Saying the state needs another source of natural gas, Florida Power & Light on Friday announced plans for two new pipelines that would stretch more than 300 miles through the northern, central and southeastern parts of the state.
Combined, the pipelines would cost more than $3.5 billion, bringing natural gas from a facility in Alabama to a hub in Osceola County and then delivering part of it to an FPL power plant in Martin County. Officials said the pipelines also would offer gas supplies to other electric utilities and industries, with FPL an “anchor” customer.
The plans come as FPL and other electric utilities become increasingly dependent on natural gas to fuel power plants. Florida has two major pipelines serving the central and southern parts of the state, and FPL officials say those pipelines are near capacity.
“Natural gas is vital to the reliability and affordability of electricity in our state,” FPL President Eric Silagy said in a prepared statement Friday. “Although Florida has essentially no natural gas reserves, many areas of our country have a wealth of supply. This project is not only about FPL and our customers — increasing access to clean, efficient, U.S.-produced natural gas will benefit the entire state.”
The pipelines need state and federal regulatory approvals and would not start operating until 2017. FPL proposed another pipeline plan that the state Public Service Commission scuttled in 2009, but FPL Vice President Mike Sole said the new project is different from the earlier proposal — in part because the earlier proposal would have been built primarily to serve FPL.
“There’s tremendous benefits to the state as a whole and natural gas users of this state,” Sole said of the new plans.
FPL announced in December that it was seeking proposals from pipeline companies. The project is broken up into two pipelines, with one running from Alabama to Osceola County and the other running from Osceola County to Martin County.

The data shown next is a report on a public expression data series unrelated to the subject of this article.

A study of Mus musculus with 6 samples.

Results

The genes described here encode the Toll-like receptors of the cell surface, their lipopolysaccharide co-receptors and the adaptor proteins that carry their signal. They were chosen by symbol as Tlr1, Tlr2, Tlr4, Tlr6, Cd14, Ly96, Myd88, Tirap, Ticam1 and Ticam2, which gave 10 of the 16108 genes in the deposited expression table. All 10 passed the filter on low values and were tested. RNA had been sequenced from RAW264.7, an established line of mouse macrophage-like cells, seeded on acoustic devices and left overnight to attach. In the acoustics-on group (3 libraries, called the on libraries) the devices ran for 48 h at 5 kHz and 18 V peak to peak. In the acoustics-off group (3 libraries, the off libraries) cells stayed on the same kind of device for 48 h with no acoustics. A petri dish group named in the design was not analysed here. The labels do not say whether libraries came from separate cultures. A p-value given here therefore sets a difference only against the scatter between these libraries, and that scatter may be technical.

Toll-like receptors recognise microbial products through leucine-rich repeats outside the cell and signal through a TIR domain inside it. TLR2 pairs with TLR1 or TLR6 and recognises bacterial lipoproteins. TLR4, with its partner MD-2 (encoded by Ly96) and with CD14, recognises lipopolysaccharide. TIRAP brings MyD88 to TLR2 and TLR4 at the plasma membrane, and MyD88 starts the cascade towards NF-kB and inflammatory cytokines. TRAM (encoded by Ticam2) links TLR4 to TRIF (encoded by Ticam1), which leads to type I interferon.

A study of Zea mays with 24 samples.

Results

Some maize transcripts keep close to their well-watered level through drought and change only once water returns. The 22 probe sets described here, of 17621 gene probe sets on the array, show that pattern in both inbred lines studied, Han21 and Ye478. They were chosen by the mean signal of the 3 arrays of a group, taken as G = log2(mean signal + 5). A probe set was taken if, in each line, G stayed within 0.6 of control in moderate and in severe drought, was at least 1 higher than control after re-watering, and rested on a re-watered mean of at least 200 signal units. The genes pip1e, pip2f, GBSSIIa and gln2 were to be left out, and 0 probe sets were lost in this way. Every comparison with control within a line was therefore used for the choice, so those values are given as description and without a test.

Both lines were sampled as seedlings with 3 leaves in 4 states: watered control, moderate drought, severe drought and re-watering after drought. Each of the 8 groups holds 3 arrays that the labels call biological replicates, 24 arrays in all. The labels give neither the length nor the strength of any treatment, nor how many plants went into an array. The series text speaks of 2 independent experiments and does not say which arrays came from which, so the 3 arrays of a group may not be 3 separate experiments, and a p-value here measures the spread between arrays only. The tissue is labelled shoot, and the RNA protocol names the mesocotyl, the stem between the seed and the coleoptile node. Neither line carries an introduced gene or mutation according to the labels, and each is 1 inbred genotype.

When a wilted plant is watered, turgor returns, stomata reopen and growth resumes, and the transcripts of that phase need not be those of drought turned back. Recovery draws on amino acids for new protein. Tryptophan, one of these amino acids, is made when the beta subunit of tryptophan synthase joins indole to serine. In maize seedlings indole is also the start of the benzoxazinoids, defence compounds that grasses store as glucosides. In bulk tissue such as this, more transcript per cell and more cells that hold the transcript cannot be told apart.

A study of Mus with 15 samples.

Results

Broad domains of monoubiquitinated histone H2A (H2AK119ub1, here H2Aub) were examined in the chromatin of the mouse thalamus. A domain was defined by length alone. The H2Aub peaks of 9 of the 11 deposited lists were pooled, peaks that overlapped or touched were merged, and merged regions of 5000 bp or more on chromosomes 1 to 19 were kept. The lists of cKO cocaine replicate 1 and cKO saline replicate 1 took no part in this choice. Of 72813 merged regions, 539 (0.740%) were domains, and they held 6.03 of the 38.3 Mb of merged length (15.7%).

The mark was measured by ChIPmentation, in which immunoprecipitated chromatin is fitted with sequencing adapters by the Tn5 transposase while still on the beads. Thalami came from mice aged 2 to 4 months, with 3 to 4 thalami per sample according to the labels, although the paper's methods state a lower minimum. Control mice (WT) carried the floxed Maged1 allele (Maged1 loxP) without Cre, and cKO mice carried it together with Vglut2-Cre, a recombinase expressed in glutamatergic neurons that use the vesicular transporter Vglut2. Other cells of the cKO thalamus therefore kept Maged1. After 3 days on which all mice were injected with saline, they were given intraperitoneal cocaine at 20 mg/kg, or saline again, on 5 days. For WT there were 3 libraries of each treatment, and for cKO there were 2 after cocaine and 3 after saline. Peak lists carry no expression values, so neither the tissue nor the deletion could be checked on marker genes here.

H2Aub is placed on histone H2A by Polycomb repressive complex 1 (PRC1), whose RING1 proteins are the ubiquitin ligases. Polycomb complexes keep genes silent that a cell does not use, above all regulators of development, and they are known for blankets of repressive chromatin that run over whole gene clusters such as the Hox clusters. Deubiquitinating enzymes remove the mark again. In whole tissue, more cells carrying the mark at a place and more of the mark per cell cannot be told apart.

The roughly $3 billion northern segment would total 465 miles, including 214 miles in Florida, and would start at a site in Alabama where natural gas comes from different parts of the country. FPL’s parent company, NextEra Energy, Inc., and a Texas-based company, Spectra Energy Corp., would enter into a joint venture on the pipeline.
Gas would go to an Osceola County hub, which also would tie in with other pipelines. A NextEra Energy subsidiary would then own and operate a new, 126-mile pipeline that would go to an FPL plant in Martin County. That pipeline is estimated to cost $550 million.
In all, FPL said proposed corridors for the pipelines include parts of 16 counties. In the northern pipeline, those counties are Madison, Hamilton, Suwannee, Columbia, Gilchrist, Levy, Alachua, Marion, Lake, Sumter, Orange, Polk and Osceola. In the southern pipeline, they are Okeechobee, St. Lucie and Martin, along with Osceola and Polk.
The proposed corridors are about 600 feet wide, and the exact routes of the pipelines will be determined after surveying is finished, according to FPL. The pipelines would be buried underground.
Officials said they expect much of the project to be built in existing utility easements or right of way. David Shammo, a vice president of Spectra Energy, said building in such areas can minimize environmental effects.
In an FPL news release Friday, Audubon of Florida Executive Director Eric Draper said his group provided guidance about the proposed route and said FPL had worked to “avoid sensitive habitats.”
Utilities have increasingly shifted in recent years to natural gas from burning coal and oil. Powering plants with natural gas is cleaner, which helps utilities meet environmental standards, but gas also has been relatively inexpensive — a situation that utilities expect to continue with the extraction of gas from shale formations in various parts of the country.
Shammo said the northern pipeline would carry natural gas that comes from Louisiana, Arkansas, Texas and Oklahoma and that it also could include gas from Ohio and Pennsylvania. Much of Florida’s natural-gas supply currently comes from the Gulf of Mexico and Mobile Bay.